A: Dear One, painful emotions are always difficult. This does not mean it is necessary always to resolve them peacefully. This may be a surprising response, so let us look at these two powerful emotions.
Grief is an expression of loss of those who are beloved. It is an expression of honor in this sense. The passing of someone who has been important to you can be a sustained grief — there are many religions who suggest that a period of time be set aside to allow for grieving. This is a wise understanding of how the human heart processes deep emotion. It is not the same for everyone, but a wise guideline.
Grief takes the time it takes, different for each one to find their fulcrum point between loss, sorrow and learning to live again with an empty place within, once inhabited by a beloved. That place will always be inhabited by that dear one, the emptiness filled with the gifts of love received from them and all the memories they have bestowed.
Experiencing grief as a response to a larger event, such as war, is quite the same thing in a larger picture. A love of humanity, of life; a terrible sorrow for those afflicted with fear and suffering. An empathetic response to the pain of your fellows. In this larger regard, we encourage that prayers are sent to lend strength and love to those suffering, those having transitioned, and the fear experienced by all involved.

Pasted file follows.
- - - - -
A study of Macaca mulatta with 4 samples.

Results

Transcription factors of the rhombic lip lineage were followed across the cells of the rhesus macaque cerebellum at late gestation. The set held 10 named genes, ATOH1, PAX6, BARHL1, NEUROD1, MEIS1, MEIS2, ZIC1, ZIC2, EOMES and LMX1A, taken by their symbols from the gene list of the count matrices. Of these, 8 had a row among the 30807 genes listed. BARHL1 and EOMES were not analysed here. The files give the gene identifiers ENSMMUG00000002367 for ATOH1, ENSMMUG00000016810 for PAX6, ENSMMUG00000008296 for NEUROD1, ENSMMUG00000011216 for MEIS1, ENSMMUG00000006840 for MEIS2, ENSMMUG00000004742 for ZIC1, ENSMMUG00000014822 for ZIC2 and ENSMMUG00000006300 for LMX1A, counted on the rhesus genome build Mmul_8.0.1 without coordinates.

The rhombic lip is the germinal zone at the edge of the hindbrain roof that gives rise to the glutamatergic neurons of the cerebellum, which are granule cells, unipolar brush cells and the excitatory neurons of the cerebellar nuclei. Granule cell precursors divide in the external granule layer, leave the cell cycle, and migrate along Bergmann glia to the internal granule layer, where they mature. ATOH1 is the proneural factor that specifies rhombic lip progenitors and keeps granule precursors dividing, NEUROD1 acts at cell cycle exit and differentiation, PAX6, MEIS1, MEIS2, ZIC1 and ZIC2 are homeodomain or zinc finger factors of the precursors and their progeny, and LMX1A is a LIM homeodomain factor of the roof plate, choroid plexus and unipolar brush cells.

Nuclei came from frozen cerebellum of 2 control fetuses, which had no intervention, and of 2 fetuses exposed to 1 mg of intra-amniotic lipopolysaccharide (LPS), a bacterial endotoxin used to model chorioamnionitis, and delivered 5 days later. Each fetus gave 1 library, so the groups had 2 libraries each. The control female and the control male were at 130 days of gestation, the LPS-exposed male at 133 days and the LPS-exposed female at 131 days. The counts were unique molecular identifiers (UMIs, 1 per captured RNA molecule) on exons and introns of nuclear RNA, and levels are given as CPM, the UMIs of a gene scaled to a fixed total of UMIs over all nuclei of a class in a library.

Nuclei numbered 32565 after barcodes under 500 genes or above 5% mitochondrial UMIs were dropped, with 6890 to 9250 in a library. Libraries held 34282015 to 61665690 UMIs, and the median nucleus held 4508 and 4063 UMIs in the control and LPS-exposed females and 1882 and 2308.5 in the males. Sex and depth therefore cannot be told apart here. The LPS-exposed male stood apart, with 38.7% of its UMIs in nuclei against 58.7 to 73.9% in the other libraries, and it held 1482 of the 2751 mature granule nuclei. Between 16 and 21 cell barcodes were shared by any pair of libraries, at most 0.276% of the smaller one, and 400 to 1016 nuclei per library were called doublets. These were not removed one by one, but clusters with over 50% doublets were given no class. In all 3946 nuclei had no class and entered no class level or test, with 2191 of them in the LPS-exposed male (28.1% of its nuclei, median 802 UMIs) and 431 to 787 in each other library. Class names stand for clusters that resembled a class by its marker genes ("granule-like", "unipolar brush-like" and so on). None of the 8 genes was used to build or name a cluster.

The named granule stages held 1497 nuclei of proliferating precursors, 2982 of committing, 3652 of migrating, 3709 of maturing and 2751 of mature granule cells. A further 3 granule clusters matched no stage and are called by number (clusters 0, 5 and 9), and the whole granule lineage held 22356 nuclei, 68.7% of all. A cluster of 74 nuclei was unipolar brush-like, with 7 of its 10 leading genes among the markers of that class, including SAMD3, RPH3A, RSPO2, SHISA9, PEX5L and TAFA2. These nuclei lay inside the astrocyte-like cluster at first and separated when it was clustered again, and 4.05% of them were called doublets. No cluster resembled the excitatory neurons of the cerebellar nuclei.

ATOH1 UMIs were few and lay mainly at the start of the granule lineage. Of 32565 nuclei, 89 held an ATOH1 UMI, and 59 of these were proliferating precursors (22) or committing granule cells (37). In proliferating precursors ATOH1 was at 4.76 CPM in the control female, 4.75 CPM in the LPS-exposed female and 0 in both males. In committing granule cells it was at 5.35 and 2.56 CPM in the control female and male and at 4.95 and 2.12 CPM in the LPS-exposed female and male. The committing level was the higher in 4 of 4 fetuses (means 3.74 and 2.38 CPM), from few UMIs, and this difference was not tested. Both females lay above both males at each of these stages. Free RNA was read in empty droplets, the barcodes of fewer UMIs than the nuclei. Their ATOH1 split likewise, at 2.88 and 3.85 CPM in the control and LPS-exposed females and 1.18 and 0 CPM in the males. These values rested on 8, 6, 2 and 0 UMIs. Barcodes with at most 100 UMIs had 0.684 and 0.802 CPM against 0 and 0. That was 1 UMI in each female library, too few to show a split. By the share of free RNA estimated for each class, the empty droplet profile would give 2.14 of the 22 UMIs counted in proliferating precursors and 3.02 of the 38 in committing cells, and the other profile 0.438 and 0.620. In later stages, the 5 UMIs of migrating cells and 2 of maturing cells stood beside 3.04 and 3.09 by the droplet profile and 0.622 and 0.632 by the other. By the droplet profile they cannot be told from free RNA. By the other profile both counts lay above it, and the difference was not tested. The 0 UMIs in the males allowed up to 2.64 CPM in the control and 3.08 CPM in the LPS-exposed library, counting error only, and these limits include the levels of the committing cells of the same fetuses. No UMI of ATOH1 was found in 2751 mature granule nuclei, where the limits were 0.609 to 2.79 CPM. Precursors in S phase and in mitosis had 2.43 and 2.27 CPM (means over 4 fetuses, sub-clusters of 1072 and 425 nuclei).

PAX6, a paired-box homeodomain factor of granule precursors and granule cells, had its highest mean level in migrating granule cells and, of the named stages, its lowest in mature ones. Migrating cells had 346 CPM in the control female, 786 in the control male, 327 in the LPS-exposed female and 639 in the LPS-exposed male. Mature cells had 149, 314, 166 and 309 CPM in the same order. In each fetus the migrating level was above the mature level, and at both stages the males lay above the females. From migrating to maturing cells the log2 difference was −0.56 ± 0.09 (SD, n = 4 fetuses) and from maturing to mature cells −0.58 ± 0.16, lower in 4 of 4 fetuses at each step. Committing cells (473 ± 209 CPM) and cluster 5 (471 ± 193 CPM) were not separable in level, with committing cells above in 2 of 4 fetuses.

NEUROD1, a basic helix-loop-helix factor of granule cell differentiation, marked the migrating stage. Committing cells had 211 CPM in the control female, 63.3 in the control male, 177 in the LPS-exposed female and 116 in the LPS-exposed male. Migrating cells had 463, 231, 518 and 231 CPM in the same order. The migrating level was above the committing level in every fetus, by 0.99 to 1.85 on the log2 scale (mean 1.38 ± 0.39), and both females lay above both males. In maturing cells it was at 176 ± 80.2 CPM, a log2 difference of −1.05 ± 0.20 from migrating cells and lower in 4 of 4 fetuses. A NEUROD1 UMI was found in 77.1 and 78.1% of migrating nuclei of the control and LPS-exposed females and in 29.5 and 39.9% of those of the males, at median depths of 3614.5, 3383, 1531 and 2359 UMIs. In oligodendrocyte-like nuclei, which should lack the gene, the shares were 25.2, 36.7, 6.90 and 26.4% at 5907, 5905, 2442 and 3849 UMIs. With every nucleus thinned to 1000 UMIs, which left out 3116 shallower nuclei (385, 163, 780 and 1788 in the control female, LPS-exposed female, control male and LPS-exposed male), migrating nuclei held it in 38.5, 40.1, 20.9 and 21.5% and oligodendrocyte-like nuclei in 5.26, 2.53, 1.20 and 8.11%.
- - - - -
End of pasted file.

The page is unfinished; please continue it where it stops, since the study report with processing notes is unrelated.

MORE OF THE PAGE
Such great trauma is experienced in wars of all sorts that the very ground resonates with the screams and terror for many, many generations. In order for peace to be fully restored after a war, the ground must be consecrated, made sacred once again for peace to emanate from it as is its nature. As a building holds the energy of the people who have been there, so too does the bit of earth you act out your lessons on.
Anger is a very different emotion, often serving as fuel to move forward, or away from something that does not serve your path or your highest good. We are not speaking here of the anger that is born of impatience or short temper. Those are aspects of attention and personality that require acknowledgment and care.
We are speaking of the kind of anger that fuels change, that draws boundaries, that inspires action. This is an anger that sustains action. Often righteous and in response to deep wrongs against an individual or a group, this sort of anger can change the shape of society or your own path.
This is the sort of anger that serves your growth and is your guide. Use it. Express it appropriately and let it show you the way forward into right action.
Seek peace and allow your anger to show you the path toward that peace. It serves to heal. This is a marvelous aspect of this sort of sustained anger.
We give you our blessings, as ever and always.